By Stuart Cobbe ACA, director of Growth, Europe, MindBridge

Through the pandemic many finance departments have operated remotely with less oversight than usual. As with any major crisis, this pandemic has created the perfect opportunity for fraudulent activity to thrive. Alongside this, over the past year, we’ve seen financial support and government loans handed out to struggling businesses with little or no accountability, with many of the initiatives, including the furlough scheme, now set to be extended until September 2021.

What’s more, some corporations have handed back their furlough grants following HMRC’s 90-day amnesty programme. However, many businesses are unable to calculate and understand the true scale of their exposure without rapid data-driven insight and risk stratification.

This therefore means many businesses face the scary possibility of repaying their loans when they pay their deferred VAT, during the early part of this year within a strained economic climate. Stuart Cobbe ACA, Director of Growth, Europe, MindBridge explains how crucial the auditor’s role has become in supporting businesses through the pandemic – and how AI and machine learning can enable firms to meet evolving industry standards and regulatory pressure as businesses strive to survive. 

Audit’s role in providing data-driven and actionable insights

The Covid-19 landscape is fluid and ever-changing, and businesses require accurate visibility of all aspects of their business in order to plan effectively for the future and to understand their financial position. As the economy continues to recover to a new ‘normal’, companies need to focus on the next six months. How many ‘zombie’ businesses are only operating due to deferred VAT payments? How many companies will fail when they cannot repay loans? The role of the auditor is vital in unlocking this transparency to provide data-driven, actionable insights.


For businesses that do not understand the extent of their exposure, they risk facing an HMRC-imposed tax charge equivalent of up to 100% of the grant to which any recipient was not entitled and was not repaid. It is, therefore, interesting to see the number of large organisations now publicly revealing plans to repay all furlough payments. For many, this is an opportunity to boost corporate reputation and demonstrate a commitment to rediscovering business as usual. However, given the huge pressures businesses have been under in recent months, many CFOs and FDs may not have the full visibility they require to effectively manage this without the power of audit.

Furlough abuse is not the only risk to manage

This is about far more than reputational damage, the potential misuse of furlough is far from the only financial risk. The extraordinary shift in every business’ modus operandi over the past few months has opened the door for opportunistic fraud. New sources of income; staff working from home with limited oversight; the financial pressures – both business and personal – created by the recession. The misappropriation of assets should be a very real concern for businesses of every size.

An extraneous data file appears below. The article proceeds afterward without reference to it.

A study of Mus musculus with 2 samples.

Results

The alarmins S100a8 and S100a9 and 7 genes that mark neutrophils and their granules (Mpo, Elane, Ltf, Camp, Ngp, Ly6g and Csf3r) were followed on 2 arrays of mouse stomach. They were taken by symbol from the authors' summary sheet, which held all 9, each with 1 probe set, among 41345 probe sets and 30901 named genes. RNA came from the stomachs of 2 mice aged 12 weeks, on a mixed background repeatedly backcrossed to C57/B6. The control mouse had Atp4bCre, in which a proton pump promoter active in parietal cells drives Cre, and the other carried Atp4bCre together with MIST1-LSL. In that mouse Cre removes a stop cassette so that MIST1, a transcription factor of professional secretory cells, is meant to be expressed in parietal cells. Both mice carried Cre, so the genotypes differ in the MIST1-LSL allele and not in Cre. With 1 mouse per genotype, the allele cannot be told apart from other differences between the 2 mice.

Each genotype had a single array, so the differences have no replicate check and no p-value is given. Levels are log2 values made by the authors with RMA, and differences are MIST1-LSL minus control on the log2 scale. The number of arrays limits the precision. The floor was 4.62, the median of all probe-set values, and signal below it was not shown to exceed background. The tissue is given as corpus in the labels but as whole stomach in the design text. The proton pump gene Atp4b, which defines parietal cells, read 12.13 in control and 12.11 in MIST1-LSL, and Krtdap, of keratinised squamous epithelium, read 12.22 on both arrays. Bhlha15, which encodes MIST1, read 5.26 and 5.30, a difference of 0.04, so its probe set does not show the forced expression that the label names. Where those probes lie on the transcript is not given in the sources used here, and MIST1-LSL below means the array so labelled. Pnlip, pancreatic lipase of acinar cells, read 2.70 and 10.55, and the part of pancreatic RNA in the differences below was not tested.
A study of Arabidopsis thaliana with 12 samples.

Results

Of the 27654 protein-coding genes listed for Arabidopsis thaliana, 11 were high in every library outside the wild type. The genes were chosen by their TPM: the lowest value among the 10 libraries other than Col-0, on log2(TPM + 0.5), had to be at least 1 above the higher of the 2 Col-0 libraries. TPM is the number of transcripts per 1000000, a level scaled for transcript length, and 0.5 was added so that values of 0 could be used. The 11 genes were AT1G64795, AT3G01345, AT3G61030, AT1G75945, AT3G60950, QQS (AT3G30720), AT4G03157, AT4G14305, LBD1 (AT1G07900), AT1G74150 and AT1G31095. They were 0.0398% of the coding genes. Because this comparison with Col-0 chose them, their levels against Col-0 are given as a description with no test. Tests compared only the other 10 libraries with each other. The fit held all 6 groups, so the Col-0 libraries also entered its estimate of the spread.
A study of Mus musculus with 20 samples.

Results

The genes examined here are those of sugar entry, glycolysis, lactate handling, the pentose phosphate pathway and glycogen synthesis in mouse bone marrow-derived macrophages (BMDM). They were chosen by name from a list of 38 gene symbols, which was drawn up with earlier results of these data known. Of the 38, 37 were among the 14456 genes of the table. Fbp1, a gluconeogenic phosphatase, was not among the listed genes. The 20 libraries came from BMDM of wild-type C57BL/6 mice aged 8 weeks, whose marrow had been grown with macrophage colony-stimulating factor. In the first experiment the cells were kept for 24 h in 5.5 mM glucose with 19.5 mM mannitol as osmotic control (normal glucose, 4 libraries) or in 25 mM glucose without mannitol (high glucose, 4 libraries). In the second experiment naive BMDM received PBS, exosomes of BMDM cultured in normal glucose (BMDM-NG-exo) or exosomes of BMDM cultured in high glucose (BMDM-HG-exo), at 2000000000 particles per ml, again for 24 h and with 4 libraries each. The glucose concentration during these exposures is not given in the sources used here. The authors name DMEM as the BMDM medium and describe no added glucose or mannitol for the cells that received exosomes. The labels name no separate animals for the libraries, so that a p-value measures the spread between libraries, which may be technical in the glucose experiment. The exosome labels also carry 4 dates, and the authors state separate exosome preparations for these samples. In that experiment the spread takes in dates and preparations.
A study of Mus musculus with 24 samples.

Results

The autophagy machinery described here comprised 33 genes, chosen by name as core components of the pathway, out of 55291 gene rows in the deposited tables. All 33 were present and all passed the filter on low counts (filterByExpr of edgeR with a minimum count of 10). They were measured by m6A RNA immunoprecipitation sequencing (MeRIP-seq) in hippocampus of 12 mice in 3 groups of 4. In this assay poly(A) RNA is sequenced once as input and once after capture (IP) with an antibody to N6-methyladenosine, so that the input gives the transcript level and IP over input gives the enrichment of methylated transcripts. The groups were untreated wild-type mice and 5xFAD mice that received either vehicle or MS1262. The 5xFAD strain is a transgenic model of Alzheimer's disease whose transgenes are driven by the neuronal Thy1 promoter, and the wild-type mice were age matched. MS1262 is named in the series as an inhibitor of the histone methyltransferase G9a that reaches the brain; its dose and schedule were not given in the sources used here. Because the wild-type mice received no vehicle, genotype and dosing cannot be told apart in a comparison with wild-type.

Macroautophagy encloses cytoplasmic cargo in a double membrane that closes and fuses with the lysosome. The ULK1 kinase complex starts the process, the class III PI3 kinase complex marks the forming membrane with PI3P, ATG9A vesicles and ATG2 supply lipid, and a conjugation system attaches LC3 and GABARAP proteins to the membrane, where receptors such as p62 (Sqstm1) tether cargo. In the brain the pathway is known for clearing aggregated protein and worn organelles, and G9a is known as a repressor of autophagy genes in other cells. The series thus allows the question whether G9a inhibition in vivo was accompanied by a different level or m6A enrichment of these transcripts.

For organisations that have relied upon grants and loans to survive, an employee exploiting the lack of oversight to syphon funds for personal use could tip the company into failure. Companies must determine how – or whether – deferred VAT payments and loan repayments can be made. Is the company truly solvent or no more than a ‘zombie’ business operating with a balance sheet propped up by short term government finance?

Unlocking the value in data through AI and machine learning

Business resilience and reputation is a priority in this era, and CFOs or FDs may be struggling to establish trust across businesses now operating under a whole new range of pressures, from slimmer margins to a disjointed, remote workforce. There is an obvious need for complete visualisation of financial risks, and auditors play a crucial role in unlocking this data.

The rapid identification of mistakes in government support applications, potential fraud and the analysis of which deferred payments and loan repayments can be made and when – whilst ensuring other risk factors do not jeopardise business stability – is essential to futureproof the business, and auditors can assess data to provide this information in a complete and actionable format to lead smarter company decisions. This is the data insight CFOs and FDs need today.

Traditional financial risk assessment models will not be adequate. At best, problems will be revealed months after the fact. Companies need rapid identification of areas of unexpected activity today. This is where auditors and finance departments using sophisticated machine learning and artificial intelligence techniques can deliver real business value by rapidly assessing financial data and surfacing unexpected activity. Armed with this information, finance teams will know where to focus activities, the questions to ask and the remedial action to take. This information will drive departments and remedial action to ensure business success and growth as the nation gets back to its feet.

Conclusion

Even though there have been changes in policies and protocols recently – and even though the pandemic has thrown curveballs at everyone – audit and finance professionals can provide businesses with the answers they need to thrive. Enhanced by AI and machine learning, they can also rapidly unveil problems that include cash flow, fraud, misuse of grants and loan repayment issues.

This places auditors and finance professionals in a strong position to develop strategies that promote business resilience and which safeguard the solvency and reputation of the business.